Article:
Penang-style white curry noodles in PJ? Yes, please


Tan dishing up bowls of piping hot Penang white curry noodles. The dish is prepared using a recipe inherited from her aunt, Keng.

CURRY NOODLES are dime a dozen in the Klang Valley with numerous stalls and shops offering both soup and dry versions, but what about the lesser known Penang white curry noodles?

A StarMetro reader from Penang wrote in to share his delight upon discovering a stall at Lek Seng Kopitiam in Section 19, Petaling Jaya, that served the dish.

In fact, stall operator Tan Kim Mei learnt the Penang white curry recipe from her aunt Keng Saw Cheng.

Keng, 65, said she used to run a roadside stall in Seapark selling the Penang speciality for more than 20 years, but quit to care for her ill husband.

When Tan expressed an interest in opening a hawker stall, Keng passed the recipe to her.

 

(Above) Diners hankering for a taste of authentic Penang white curry noodles can head to Lek Seng Kopitiam in Section 19, Petaling Jaya. (Below) Shredded chicken kuey teow soup is the other speciality at the stall.
Shredded chicken kuey teow soup is the other speciality at the stall.  

 

Tan said it was quite easy for them to pick up the recipe as her husband was a cook and Keng was meticulous in ensuring they made it correctly.

“The bestsellers at my stall are the Penang white curry noodles and kai si hor fun (shredded chicken kuey teow soup), the latter a speciality from my hometown in Ipoh.”

On the difference between Penang white curry noodles and regular curry noodles, Tan said the white curry was lighter in colour and subtle flavour.

“The typical curry version is more intense in colour and flavour as it uses herbs like ginger, galangal and turmeric.”

Tan added that the base for her aunt’s Penang white curry was a dried chilli, shallots, garlic, pandan leaves and sesame oil paste, and her secret blend of spices stir-fried for about two hours until it is fragrant.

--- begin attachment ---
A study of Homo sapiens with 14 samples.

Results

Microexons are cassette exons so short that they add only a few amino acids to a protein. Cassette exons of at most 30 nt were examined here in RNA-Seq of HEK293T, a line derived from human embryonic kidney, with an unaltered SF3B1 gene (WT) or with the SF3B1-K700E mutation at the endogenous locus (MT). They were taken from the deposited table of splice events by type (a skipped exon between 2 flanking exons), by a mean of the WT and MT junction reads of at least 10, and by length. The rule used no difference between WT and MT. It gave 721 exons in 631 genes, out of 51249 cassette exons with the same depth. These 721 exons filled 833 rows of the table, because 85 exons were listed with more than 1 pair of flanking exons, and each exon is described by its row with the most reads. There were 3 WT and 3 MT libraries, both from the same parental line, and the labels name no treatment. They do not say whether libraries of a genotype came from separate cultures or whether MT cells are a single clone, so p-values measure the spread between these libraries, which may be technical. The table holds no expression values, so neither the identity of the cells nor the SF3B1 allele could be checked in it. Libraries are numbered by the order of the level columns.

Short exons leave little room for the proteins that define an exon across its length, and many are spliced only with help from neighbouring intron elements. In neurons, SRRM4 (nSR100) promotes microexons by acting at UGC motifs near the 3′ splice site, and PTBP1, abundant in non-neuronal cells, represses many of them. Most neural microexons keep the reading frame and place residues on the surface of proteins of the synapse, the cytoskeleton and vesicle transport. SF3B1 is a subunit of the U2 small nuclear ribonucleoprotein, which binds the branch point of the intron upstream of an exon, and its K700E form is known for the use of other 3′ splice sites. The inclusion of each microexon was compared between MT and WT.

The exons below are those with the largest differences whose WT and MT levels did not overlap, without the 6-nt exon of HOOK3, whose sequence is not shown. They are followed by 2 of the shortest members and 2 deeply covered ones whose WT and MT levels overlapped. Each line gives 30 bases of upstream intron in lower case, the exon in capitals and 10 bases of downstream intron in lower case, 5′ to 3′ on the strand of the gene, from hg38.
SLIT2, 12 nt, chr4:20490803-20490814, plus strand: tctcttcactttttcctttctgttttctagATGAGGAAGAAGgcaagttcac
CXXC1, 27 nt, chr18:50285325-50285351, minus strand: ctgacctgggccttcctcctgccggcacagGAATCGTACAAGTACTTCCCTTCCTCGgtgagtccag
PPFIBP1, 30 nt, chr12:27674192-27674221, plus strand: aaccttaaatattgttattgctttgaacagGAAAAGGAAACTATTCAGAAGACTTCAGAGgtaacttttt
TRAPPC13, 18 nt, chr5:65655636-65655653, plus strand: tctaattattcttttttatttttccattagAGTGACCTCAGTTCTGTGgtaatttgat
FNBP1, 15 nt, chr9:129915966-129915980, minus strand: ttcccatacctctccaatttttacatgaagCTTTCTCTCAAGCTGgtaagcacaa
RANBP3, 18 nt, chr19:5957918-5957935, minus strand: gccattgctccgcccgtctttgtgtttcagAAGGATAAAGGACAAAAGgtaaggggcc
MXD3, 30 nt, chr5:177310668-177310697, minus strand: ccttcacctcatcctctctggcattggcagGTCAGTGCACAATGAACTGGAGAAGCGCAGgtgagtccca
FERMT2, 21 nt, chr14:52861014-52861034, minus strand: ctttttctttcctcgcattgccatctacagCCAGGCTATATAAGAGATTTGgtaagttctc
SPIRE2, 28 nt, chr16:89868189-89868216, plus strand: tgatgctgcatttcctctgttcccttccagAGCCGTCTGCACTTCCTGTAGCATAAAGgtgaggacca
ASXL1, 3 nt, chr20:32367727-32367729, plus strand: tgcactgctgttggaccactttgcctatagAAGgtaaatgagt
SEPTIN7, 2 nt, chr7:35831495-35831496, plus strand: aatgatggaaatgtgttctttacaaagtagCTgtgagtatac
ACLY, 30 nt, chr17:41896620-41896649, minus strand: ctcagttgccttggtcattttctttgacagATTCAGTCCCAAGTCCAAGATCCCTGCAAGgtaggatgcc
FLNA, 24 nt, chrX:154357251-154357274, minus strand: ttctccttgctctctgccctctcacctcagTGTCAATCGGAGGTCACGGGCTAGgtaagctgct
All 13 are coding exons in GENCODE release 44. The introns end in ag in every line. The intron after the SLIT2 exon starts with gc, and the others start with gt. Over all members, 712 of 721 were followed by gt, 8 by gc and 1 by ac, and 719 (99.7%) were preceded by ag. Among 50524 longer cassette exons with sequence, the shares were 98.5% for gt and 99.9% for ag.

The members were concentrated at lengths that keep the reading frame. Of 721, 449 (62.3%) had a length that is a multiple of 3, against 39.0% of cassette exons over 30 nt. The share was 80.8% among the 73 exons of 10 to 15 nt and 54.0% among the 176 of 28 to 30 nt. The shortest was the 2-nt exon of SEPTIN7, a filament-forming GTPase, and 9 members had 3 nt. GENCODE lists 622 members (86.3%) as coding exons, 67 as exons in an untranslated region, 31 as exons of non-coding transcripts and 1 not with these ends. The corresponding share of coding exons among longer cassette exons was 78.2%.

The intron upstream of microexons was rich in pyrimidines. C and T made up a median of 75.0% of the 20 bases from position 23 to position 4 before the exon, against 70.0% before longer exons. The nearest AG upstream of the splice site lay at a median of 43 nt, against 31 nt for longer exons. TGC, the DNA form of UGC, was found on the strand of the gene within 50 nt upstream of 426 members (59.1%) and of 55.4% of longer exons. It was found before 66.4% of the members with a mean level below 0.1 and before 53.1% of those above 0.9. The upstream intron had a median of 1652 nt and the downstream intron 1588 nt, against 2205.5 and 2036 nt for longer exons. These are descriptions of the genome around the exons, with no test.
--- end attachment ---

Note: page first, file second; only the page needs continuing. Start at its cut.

The paste is boiled with chicken stock, prawn shells, fresh coconut and pandan leaves to bring out the flavours.

Tan’s version of Penang white curry noodles is served with pig’s blood, cockles, bean sprouts, long beans, prawns and tofu puff, and garnished with mint leaves.

The bowl of noodles has a spoonful of curry paste for diners who prefer a more fiery kick to the dish locally known as curry laksa.

“Customers who tried my Penang white curry noodles said it tastes authentic like the ones in Penang,” Tan beamed, adding that she could sell between 80 and 100 bowls of Penang white curry noodles per day.

 

Diners hankering for a taste of authentic Penang white curry noodles can head to Lek Seng Kopitiam in Section 19, Petaling Jaya. — Photos: SAM THAM/The Star
Diners hankering for a taste of authentic Penang white curry noodles can head to Lek Seng Kopitiam in Section 19, Petaling Jaya. — Photos: SAM THAM/The Star  

 

They get a mix of walk-in and regular customers who used to frequent Keng’s stall in Seapark.

Although it has been about eight years since she stopped her noodle business, Keng still keeps in touch with some of her regulars and recommend her niece’s stall at Lek Seng Kopitiam, which opened about two months ago.

Keng occasionally visits Tan’s stall to ensure the Penang white curry noodles is up to par.

The Penang white curry noodles is RM7 for a small portion and RM8 for large. The kai si hor fun is RM6.50 for a small portion and RM7.50 for large.

Parking around Lek Seng Kopitiam is limited so it is advisable to carpool or park at legal parking spots along Jalan 19/16A near the minimarket.

The coffeeshop is open from 7am to 2.30pm daily, but is closed twice a month.

For details, call Tan on 012-209 9783 or 017-856 6832.